Undue Influence in Trust and Estate Litigation
Undue Influence is a situation in which someone, often a sick or very elderly person, is induced to make changes to their estate plan or otherwise convey property when such action does not really reflect the person’s wishes or intentions. At Buffington Law Firm, our trust litigation attorneys have successfully dealt with many cases that have involved trusts that were sabotaged by someone exercising Undue Influence against an ill or very elderly person.
1. What is Undue Influence? Cases involving Undue Influence are one of the most common forms of Trust disputes. Undue Influence occurs when a person who suffers a lack of mental vigor is pressured by a usually younger or stronger person into either conveying assets to the stronger person, or changing the elderly person’s estate plan for the benefit of that person. An alternative scenario may involve a conveyance of a real property parcel by the elderly person, under pressure from a relative.
Undue Influence is often misunderstood. Many people, even many attorneys, believe that Undue Influence can only occur when the person being influenced suffers from advanced dementia or otherwise lacks testamentary and mental capacity. In fact, this is not so. Certainly, dementia is one of the possible conditions that can make Undue Influence possible. But it can also occur under a much broader range of conditions. Often, ill or elderly persons simply lack the mental stamina to resist pressure from relatives to sign Trust amendments or similar documents which do not, in fact, represent their true wishes. In other cases that our firm has handled, an elderly person was literally on his deathbed and could not possibly read, let alone comprehend, the trust amendment that he was being asked to sign. While no dementia or Alzheimer’s was involved in this situation, this person was plainly the victim of Undue Influence. When our firm brought litigation this fact was eventually acknowledged by everyone.
Under California law, there is a presumption of Undue Influence when a party who is afflicted with mental weakness or a lack of mental vigor or who lacks capacity enters into a transaction that is favorable to a stronger party upon whom the grantor is dependent. [Longmire v. Kruger (1926) 80 Cal. App. 230, 238-239; see also Beckmann v. Beckmann (1959) 174 Cal. App. 2d 717, 721]. Thus, the notion that a finding of dementia or outright mental incapacity is required for a finding of Undue Influence, is incorrect as a matter of law. A Trust amendment, executed by a mentally weak elderly person under pressure from a relative who stands to gain by it is subject to nullification by a Probate Court. No finding of senility, dementia, or mental incapacity is required. What is required is that someone bring the matter before the Court.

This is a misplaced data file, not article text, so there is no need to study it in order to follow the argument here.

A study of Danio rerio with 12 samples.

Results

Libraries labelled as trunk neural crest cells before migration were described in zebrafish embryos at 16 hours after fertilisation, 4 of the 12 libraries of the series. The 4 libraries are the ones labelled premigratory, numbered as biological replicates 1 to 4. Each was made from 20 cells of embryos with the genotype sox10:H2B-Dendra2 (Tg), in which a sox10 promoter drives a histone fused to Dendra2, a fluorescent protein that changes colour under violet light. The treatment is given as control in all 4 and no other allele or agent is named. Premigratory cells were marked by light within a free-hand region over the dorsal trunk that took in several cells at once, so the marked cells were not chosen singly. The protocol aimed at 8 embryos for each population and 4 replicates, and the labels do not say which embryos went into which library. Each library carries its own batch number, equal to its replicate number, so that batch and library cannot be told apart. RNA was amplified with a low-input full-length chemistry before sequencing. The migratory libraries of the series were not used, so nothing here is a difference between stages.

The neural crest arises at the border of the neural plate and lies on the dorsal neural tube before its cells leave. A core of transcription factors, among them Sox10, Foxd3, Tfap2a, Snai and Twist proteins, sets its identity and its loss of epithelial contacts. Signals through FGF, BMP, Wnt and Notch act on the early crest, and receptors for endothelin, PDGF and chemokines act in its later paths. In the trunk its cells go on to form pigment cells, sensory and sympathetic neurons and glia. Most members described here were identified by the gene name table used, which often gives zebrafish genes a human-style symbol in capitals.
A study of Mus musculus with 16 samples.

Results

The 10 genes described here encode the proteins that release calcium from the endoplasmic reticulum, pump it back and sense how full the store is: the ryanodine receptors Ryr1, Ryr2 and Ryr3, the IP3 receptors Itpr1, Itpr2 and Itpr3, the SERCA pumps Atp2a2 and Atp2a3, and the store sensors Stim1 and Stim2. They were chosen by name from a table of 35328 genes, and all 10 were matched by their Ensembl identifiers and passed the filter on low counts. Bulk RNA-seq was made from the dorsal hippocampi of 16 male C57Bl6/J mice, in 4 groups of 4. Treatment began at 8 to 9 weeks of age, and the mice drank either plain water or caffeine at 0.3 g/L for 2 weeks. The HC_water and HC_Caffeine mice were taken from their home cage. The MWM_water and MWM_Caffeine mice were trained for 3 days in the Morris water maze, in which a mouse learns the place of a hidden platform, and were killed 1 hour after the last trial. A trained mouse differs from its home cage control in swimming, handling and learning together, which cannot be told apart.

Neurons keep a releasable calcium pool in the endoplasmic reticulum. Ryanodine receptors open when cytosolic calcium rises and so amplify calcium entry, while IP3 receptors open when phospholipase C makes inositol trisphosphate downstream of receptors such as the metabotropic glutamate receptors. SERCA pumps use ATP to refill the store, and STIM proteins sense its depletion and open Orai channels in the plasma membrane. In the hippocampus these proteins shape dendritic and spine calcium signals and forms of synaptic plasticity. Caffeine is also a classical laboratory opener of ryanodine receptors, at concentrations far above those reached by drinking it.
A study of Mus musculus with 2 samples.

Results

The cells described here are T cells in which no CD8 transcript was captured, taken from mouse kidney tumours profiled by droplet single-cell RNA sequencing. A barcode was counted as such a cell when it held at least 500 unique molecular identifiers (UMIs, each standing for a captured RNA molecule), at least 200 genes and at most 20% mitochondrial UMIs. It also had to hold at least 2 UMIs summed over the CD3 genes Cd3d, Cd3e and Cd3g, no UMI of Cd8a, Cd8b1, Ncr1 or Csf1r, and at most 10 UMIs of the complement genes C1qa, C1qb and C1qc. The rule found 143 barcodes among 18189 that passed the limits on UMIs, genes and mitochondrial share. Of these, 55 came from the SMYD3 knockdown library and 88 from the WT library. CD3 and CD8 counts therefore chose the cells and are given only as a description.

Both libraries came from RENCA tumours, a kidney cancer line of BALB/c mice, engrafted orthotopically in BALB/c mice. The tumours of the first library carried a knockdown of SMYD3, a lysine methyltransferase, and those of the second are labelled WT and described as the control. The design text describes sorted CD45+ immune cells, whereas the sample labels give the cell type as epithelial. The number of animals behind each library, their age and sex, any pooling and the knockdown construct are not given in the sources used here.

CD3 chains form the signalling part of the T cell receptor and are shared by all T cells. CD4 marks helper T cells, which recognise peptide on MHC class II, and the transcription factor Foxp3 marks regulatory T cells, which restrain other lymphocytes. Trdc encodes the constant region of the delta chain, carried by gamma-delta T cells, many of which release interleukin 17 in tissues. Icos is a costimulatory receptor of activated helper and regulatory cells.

2. When Does Undue Influence Occur? Undue Influence often occurs in the last few months of an elderly person’s life. Sometimes that person is suffering from outright illness, or perhaps he or she simply lacks the mental strength and vigor to resist demands from a younger person due to age and infirmity. Sometimes one relative has been helping to care for the elderly person, taking him or her to the doctor or hospital, making daily decisions, etc. Often what happens is that this “helpful” relative pressures the elderly person into signing an Amendment to his or her Trust or Will. There is an implied threat to the elder that if he or she does not agree to this demand that the relative will stop helping out. We have seen many examples of Undue Influence in which one relative pressures a very elderly person into changing an estate plan that has been in place for decades, and which benefited all of that person’s children equally, into an Amendment that benefits only the “helpful” relative while disinheriting the rest of the person’s children. Our Trust Dispute attorneys have seen, and defeated in court, examples of Undue Influence where the so-called Trust Amendment was supposedly approved by the elderly person only days before that person passed away.
Other times a relative will pressure an older parent or relative into signing a trust amendment that he or she neither understands nor wants long before that person passes away. Many times a relative will present an obtusely-written Trust amendment and explain that it is “routine” or “just a safeguard.” In reality the Trust amendment is designed to disinherit the person’s family in favor one person or other. The elderly person often forgets about the amendment, and the rest of the family only learns of it after the person passes.
3. What Can Be Done? When Undue Influence occurs there is usually much that can be done. As discussed above, in these situations there is a presumption that the trust amendment, will codicil, or conveyance of property in question constituted Undue Influence. In court the burden of proof must be met by the beneficiary of the transaction, i.e. the person who exercised the Undue Influence. But for the Undue Influence to be corrected at least one of the beneficiaries being victimized must bring an action in Probate Court. In litigation, delay is death. If you believe that your loved one’s estate plan was sabotaged by Undue Influence, you should seek legal advice immediately. At Buffington Law Firm, our experienced probate litigation attorneys have a track record of success in such matters. If you and your family have been victimized by Undue Influence in which your rightful inheritance has been hijacked, call us today for a no-obligation free legal consultation.